A FESTIVAL will be staged this month in under-used venues in Scotland’s biggest city in a bid to open music fans’ ears to the sounds of artists from around the world and closer to home.

New York dance band !!! (Chk Chk Chk), Malian desert rockers Songhoy Blues, pictured right, and Berlin-based electro maven Molly Nilsson are among the global musicians to feature at the Great Western, a one-day festival from Glasgow-based gig promoters 432 Presents.

More than 50 acts will perform live in a variety of spaces across the west end, from well-established concert venues such as The Hug & Pint, QMU and Oran Mor to buildings less used to hosting gigs such as the Maryhill Community Central Halls, the Mackintosh Queen’s Cross Church, the Glue Factory and Burnbank Bowling Club.

Nilsson is among the raft of recent additions to the new festival, with performance poet Leyla Josephine, pop sorceress Elisabeth Elektra and loved psychedelic locals Holy Mountain joining a bill which boasts big indie names such as Cass McCombs, Rev Magnetic and 2018 SAY Award winners Sacred Paws.

Hot emerging acts to catch include London’s Dry Cleaning, new Paul Epworth signing Art School Girlfriend, Edinburgh bluesman Callum Easter, the heavenly Heir Of The Cursed and Lost Map Records new artist Molly Linen.

Elsewhere on the bill Admiral Fallow’s Louis Abbott and Canadian artist Dana Gavansi perform as guests to Start To End, a tribute supergroup who’ll pay homage to Hats, the 1989 classic by local legends The Blue Nile.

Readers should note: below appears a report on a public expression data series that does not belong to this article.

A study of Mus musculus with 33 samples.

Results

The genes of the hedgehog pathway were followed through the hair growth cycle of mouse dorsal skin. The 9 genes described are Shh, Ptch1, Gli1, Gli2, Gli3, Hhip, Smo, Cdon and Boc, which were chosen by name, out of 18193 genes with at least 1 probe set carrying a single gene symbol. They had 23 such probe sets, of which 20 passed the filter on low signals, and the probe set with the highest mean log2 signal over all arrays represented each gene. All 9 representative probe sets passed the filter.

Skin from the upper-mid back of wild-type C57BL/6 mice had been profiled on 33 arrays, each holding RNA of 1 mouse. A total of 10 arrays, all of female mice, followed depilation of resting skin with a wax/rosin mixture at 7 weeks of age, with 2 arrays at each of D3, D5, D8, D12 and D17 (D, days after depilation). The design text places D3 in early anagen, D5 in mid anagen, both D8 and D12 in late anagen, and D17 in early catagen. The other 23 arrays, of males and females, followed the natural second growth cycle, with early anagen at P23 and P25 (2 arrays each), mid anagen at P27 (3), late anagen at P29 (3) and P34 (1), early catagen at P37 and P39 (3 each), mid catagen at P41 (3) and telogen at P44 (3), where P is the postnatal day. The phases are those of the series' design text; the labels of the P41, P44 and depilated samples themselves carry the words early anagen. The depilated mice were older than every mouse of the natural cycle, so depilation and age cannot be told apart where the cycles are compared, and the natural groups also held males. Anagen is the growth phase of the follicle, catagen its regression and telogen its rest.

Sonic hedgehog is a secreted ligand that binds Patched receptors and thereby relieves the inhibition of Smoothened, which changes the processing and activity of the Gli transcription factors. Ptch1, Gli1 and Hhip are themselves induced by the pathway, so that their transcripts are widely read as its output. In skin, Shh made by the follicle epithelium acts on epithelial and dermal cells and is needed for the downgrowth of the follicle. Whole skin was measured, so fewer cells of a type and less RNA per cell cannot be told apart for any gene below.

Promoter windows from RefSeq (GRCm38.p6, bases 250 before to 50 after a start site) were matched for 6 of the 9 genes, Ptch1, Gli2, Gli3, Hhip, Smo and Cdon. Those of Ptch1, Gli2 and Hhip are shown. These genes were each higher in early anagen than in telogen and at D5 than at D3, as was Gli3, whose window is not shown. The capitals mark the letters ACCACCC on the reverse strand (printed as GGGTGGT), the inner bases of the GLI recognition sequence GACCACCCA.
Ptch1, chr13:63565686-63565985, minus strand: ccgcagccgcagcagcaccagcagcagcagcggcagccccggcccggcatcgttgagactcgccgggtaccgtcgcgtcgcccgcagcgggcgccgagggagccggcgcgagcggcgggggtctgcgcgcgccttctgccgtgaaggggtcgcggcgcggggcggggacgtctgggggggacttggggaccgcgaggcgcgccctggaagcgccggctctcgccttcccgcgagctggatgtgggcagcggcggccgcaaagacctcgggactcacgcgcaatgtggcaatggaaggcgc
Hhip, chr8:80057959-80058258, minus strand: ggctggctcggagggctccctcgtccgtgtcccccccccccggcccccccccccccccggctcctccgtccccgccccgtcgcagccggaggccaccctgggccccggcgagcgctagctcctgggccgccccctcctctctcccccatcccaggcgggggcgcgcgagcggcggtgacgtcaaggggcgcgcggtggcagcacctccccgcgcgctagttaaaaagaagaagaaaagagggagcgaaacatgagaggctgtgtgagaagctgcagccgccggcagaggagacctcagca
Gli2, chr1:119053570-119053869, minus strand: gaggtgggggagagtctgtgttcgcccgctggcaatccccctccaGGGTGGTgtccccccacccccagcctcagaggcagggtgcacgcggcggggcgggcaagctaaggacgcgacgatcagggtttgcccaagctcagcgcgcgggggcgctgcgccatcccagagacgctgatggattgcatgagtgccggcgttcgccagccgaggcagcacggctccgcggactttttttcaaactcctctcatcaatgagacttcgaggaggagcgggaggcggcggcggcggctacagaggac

Talking of local legends, The Pastels curate the line-up at Maryhill Community Central Halls, with sets from Lightships, the outfit headed by former Teenage Fanclub songwriter Gerard Love, Apostille aka Night School Records boss Michael Kasparis, London trio Pozi and both Linen and Nilsson.

As 432’s owner and head booker Brian Reynolds explains, it was Pastels frontman Stephen McRobbie who first encouraged him as a young graduate to keep plugging away at his ambition to be a promoter. The Great Western is personal to the festival boss, who has lived in the area for 16 years.

“I used to live on St George’s Road,” he says. “I noticed that as well as established venues like Oran Mor and the QMU, there were places like the Mackintosh Church, where we put on Museum Of The Moon last year, the community halls, the Glue Factory – great spaces which weren’t often used.

“Over the years, with things like Museum Of The Moon, we each individually learned how to put on gigs in these beautiful old rooms. The area is really important to me and I want to help put these spaces on the map.”

The Great Western will continue into the wee hours with late night sets from exuberant jazz funk outfit Tom McGuire and The Brassholes, feral space-pop duo Free Love and Wuh Oh, aka fast-rising Glasgow producer Peter Ferguson. An after-party will follow the Blue Arrow jazz club on Sauchiehall Street. Don’t leave it too late to jump aboard, however: the music starts mid-afternoon with Malcolm Middleton, the fairer half of Arab Strap, opening the day at the sublime Mackintosh Church, Charles Rennie Mackintosh’s greatest intact building.

“The people who come out early will be rewarded,” says Reynolds. “If you’ve never been to that venue, this is the time to go.”

The festival founder says exploring unfamiliar venues and neighbourhoods will complement music fans’ curiosity in seeking out new sounds.

“The Great Western is a festival of discovery and musical exploration,” says Reynolds. “From the beginnings of African music and classical music, the space in which music is performed and listened to is always critical to the music that’s actually created there.

“We want to encourage that variety. If you come out of the comfort zone a little as far as the venue, you’re more likely to do that in terms of what you’ll want to check out musically.”

The festival takes place on November 23, at various venues in Glasgow, from 2pm, £31.50.

Head to tgwfest.com, facebook.com/GreatWesternFestival for more information.